1. Ian M Frayling1,2,
  2. Victor-Felix Mautner3,
  3. Rick van Minkelen4,
  4. Roope A Kallionpaa5,
  5. Safiye Aktaş6,
  6. Diana Baralle7,
  7. Shay Ben-Shachar8,
  8. Alison Callaway9,
  9. Harriet Cox10,
  10. Diana M Eccles7,
  11. Salah Ferkal11,
  12. Holly LaDuca12,
  13. Conxi Lázaro13,
  14. Mark T Rogers1,2,
  15. Aaron J Stuenkel12,
  16. Pia Summerour12,
  17. Ali Varan14,
  18. Yoon Sim Yap15,
  19. Ouidad Zehou16,
  20. Juha Peltonen5,
  21. D Gareth Evans17,18,
  22. Pierre Wolkenstein19,
  23. Meena Upadhyaya1
  1. 1 Inherited Tumour Syndromes Research Group, Institute of Cancer & Genetics, Cardiff University, Cardiff, UK
  2. 2 All-Wales Medical Genetics Service, Institute of Medical Genetics, University Hospital of Wales, Cardiff, UK
  3. 3 Department of Neurology, University Medical Center Hamburg-Eppendorf, Hamburg, Germany
  4. 4 Clinical Genetics, Erasmus Medical Center, Rotterdam, The Netherlands
  5. 5 Department of Cell Biology and Anatomy, Turun Yliopisto, Turku, Finland
  6. 6 Dokuz Eylül Üniversitesi, Izmir, Turkey
  7. 7 Faculty of Medicine, University of Southampton, Southampton, UK
  8. 8 The Genetic Institute, Tel-Aviv Sourasky Medical Center, affiliated to Sackler Faculty of Medicine, Tel-Aviv University, Tel-Aviv, Israel
  9. 9 Wessex Regional Genetics Laboratory, Salisbury NHS Foundation Trust, Salisbury, UK
  10. 10 Institute of Cancer and Genetics, Cardiff University, Cardiff, UK
  11. 11 Service de Santé Publique, Hôpital Henri Mondor, Créteil, France
  12. 12 Clinical Diagnostics, Ambry Genetics Corp, Aliso Viejo, California, USA
  13. 13 Hereditary Cancer Program, Institut Català d’Oncologia, L’Hospitalet de Llobregat, Spain
  14. 14 Hacettepe Universitesi Onkoloji Enstitusu, Ankara, Turkey
  15. 15 Department of Medical Oncology, National Cancer Centre Singapore, Singapore
  16. 16 Hôpital Henri Mondor, APHP University Paris Est Créteil, Créteil, France
  17. 17 Manchester Centre for Genomic Medicine, Central Manchester University Hospitals NHS Foundation Trust, Manchester, UK
  18. 18 Manchester Centre for Genomic Medicine, University of Manchester, Manchester, UK
  19. 19 Immunity Transplantation Infections, Hôpital Henri Mondor, APHP University Paris Est Créteil, Créteil, France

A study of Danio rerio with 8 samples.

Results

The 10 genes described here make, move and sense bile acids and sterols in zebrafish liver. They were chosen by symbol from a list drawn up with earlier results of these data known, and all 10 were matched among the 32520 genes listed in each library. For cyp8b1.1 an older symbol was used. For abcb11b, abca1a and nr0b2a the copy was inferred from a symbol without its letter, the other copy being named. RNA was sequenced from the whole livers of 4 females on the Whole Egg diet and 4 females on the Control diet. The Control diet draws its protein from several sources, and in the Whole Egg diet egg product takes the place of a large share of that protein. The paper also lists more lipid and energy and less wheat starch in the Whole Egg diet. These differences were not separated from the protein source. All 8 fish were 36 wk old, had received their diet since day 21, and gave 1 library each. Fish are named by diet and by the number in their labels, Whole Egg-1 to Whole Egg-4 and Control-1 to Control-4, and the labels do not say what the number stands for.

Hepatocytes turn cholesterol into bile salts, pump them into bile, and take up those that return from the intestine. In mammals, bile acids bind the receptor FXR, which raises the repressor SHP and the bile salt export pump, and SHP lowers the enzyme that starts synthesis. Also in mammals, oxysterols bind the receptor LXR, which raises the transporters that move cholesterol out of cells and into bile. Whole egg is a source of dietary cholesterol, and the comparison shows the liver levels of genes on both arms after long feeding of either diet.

1. Correspondence to Dr Ian M Frayling, Institute of Medical Genetics, University Hospital of Wales, Cardiff CF14 4XW, UK; FraylingIM{at}


Background Neurofibromatosis type 1 (NF1) predisposes to breast cancer (BC), but no genotype-phenotype correlations have been described.

Methods Constitutional NF1 mutations in 78 patients with NF1 with BC (NF1-BC) were compared with the NF1 Leiden Open Variation Database (n=3432).

Results No cases were observed with whole or partial gene deletions (HR 0.10; 95% CI 0.006 to 1.63; p=0.014, Fisher’s exact test). There were no gross relationships with mutation position. Forty-five (64.3%; HR 6.4–83) of the 70 different mutations were more frequent than expected (p<0.05), while 52 (74.3%; HR 5.3–83) were significant when adjusted for multiple comparisons (adjusted p≤0.125; Benjamini-Hochberg). Higher proportions of both nonsense and missense mutations were also observed (adjusted p=0.254; Benjamini-Hochberg). Ten of the 11 missense cases with known age of BC occurred at <50 years (p=0.041). Eighteen cases had BRCA1/2 testing, revealing one BRCA2 mutation.

Discussion These data strongly support the hypothesis that certain constitutional mutation types, and indeed certain specific variants in NF1 confer different risks of BC. The lack of large deletions and excess of nonsenses and missenses is consistent with gain of function mutations conferring risk of BC, and also that neurofibromin may function as a dimer. The observation that somatic NF1 amplification can occur independently of ERBB2 amplification in sporadic BC supports this concept. A prospective clinical-molecular study of NF1-BC needs to be established to confirm and build on these findings, but regardless of NF1 mutation status patients with NF1-BC warrant testing of other BC-predisposing genes.

  • breast cancer
  • genotype-phenotype correlation
  • neurofibromatosis Type 1
  • Nf1 microdeletion
  • Brca1/2

  • Funding The authors have not declared a specific grant for this research from any funding agency in the public, commercial or not-for-profit sectors.

  • Competing interests Dr IMF reports support from St Vincent’s University Hospital, Dublin, Impact Genetics, Bowmanville, Ontario, Canada and Ambry Genetics, Aliso Viejo, California, USA, and Professor GDE reports support from AstraZeneca, both for travel, both outside the submitted work. Professor MU thanks the Ian Owen Fund for support.

  • Ethics approval Cardiff and Vale University Health Board (13/DHD/5637).

  • Provenance and peer review Not commissioned; externally peer reviewed.

  • Data sharing statement NF1 gene variant data not already listed on the public LOVD at will be deposited on the LOVD. We welcome submission of further NF1 breast cancer cases to the LOVD to extend the study, and request that submitters contact the corresponding author. Within the limitations of the original retrospective study, as stated in the paper, there are some extra clinical data which can be made available to those contributing more cases.

  • Correction notice The article has been corrected since it was published online first. The name of author D Gareth Evans has been corrected.

  • Patient consent for publication Cardiff and Vale University Health Board approved the study as not requiring specific ethical approval, because it only used anonymous data collected during routine patient care, and hence individual patient consent was not necessary (13/DHD/5637).